Children and minors can cause serious personal injury to others through negligence or deliberate acts. When an injured person faces high medical costs, lost earning potential, or emotional trauma, a lawsuit may be necessary to recover compensation. Under Nevada law, parents and legal guardians of minors bear responsibility for their child’s wrongful act, with important limitations.
Parents are liable for the willful misconduct of their children
Nevada imposes joint and several liability upon the parents or a guardian having custody or control of a minor for damages caused by the minor’s acts of willful misconduct. NRS 41.470. The imputation of liability is “for all purposes of civil damages,” but the statute provides that the responsible adults’ liability cannot exceed $10,000 for each act by a minor. Licensed operators of foster homes are not responsible for the wrongful acts of children under their care unless they actively contribute to the act in question. NRS 424.085.
“Joint and several liability” means that each parent or guardian is individually responsible for the damages caused by the minor’s willful acts. The idea behind joint and several liability is that the injured plaintiff needn’t figure out which adult was more responsible for the child at the time of the injury. Instead, the parents or guardians must sort out amongst themselves who is going to pay the damages.
Notice what’s missing from NRS 41.470: liability for a minor’s negligence. In cases where a child causes an injury while behaving carelessly or clumsily, parents may not be liable. The Nevada Supreme Court has held that “willful misconduct” is something more than mere ordinary negligence or even recklessness. It requires an intent to do harm. Rocky Mountain Produce Trucking Co. v. Johnson, 78 Nev. 44, 51-52 (1962). The court in Roddick v. Plank, 608 F. Supp. 229 (D. Nev. 1985), held that NRS 41.470 did not impose liability upon the parent of a child who injured the plaintiff while negligently riding her bicycle.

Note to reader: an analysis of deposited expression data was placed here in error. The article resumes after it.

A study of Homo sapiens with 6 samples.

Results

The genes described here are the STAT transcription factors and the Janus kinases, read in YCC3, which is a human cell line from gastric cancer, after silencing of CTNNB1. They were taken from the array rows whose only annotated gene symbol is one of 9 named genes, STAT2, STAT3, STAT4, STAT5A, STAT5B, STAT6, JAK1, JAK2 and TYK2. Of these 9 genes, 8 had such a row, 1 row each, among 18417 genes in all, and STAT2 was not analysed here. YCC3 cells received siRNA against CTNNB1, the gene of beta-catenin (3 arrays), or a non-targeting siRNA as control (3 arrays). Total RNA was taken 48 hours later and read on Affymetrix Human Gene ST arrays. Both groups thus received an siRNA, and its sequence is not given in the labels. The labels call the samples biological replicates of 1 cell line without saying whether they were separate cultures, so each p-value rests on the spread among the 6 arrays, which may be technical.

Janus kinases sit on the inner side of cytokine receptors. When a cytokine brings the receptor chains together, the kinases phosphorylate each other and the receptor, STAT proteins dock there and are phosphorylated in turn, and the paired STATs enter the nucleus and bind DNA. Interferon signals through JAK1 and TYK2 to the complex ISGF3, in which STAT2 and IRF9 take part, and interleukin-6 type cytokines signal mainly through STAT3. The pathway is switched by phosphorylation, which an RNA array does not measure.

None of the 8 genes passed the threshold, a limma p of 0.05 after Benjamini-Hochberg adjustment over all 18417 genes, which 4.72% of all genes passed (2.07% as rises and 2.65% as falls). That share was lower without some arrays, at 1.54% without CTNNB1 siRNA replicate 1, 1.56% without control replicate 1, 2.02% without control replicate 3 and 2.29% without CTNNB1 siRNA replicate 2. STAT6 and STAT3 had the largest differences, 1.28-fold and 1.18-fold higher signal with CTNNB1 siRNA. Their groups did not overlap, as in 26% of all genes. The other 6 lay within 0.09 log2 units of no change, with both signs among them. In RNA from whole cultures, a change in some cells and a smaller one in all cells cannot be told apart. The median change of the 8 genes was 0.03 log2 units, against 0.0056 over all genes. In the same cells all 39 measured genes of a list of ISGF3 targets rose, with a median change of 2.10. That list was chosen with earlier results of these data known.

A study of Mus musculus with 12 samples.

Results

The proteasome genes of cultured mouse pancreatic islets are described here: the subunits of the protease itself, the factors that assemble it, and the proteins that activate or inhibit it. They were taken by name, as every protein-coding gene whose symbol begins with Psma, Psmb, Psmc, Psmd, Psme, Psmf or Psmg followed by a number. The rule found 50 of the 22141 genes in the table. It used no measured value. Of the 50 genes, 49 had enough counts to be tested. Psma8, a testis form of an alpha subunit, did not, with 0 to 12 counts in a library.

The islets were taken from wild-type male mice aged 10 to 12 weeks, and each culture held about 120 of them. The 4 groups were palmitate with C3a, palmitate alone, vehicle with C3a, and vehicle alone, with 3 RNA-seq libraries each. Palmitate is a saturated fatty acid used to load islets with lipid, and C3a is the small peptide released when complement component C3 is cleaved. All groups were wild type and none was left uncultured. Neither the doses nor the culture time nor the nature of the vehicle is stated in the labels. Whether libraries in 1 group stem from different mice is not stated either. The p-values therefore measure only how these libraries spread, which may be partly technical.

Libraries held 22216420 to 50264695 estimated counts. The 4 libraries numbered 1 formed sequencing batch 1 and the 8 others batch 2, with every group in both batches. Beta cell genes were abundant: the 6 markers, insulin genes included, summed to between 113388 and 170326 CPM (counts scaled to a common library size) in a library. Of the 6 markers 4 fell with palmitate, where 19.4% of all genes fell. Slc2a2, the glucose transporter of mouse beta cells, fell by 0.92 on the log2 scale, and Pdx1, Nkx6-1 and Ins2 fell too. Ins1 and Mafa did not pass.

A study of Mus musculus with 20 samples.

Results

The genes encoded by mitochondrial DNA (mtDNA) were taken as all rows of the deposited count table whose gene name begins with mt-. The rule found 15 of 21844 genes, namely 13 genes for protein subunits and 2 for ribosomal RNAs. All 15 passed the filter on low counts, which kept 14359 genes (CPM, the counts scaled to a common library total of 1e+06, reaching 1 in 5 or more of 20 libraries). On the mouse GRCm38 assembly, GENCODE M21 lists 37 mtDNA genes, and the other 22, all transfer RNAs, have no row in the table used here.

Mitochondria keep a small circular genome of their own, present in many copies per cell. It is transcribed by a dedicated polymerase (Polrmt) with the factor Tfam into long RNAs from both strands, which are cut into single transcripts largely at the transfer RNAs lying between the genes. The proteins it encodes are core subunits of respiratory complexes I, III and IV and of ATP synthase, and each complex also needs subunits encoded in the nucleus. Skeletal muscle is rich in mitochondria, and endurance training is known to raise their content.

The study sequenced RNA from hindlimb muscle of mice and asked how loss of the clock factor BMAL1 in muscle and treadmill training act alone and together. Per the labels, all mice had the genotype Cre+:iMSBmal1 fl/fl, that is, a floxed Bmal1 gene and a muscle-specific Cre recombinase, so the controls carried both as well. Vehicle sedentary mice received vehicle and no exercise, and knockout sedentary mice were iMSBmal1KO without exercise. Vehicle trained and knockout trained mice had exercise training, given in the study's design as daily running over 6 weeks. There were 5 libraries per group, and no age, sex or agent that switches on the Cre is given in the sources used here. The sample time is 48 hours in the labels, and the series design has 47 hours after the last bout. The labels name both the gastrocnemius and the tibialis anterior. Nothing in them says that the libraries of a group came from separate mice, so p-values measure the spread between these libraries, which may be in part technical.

Special rules for minors and firearms
Under NRS 41.472, a parent, guardian, or other legally responsible person bears joint and several liability with the minor for injuries caused by the negligence or willful misconduct of a minor while using a firearm in certain circumstances. A responsible adult will be liable if he or she permitted the minor to use or possess a firearm and knew that the minor had previously been convicted of a crime or adjudicated delinquent, or had a propensity to commit violent acts, or if the adult knew that the minor intended to use the firearm for unlawful purposes.
Unlike NRS 41.470, NRS 41.472 does not limit the potential damages available to injured plaintiffs in these cases. But like NRS 41.470, the firearms rule carries important limitations. If the plaintiff cannot establish that the minor was not known to be a delinquent, have violent tendencies, or unlawful intent, liability will not stick. A parent therefore might not be liable under this statute if she allows an apparently responsible child to use a gun for target practice and the child instead uses the gun to take pot shots at passing cars, although other theories of negligence or criminal wrongdoing may apply in such cases.
GGRM can help sort out injuries caused by minors
For over 45 years the law firm of Greenman Goldberg Raby Martinez has helped injured clients in the Las Vegas area recover the compensation they deserve. If you have questions about your legal options after being injured by a minor, our attorneys can answer them. For a free attorney consultation call us today at 702-388-4476 or send us a request on our contact page.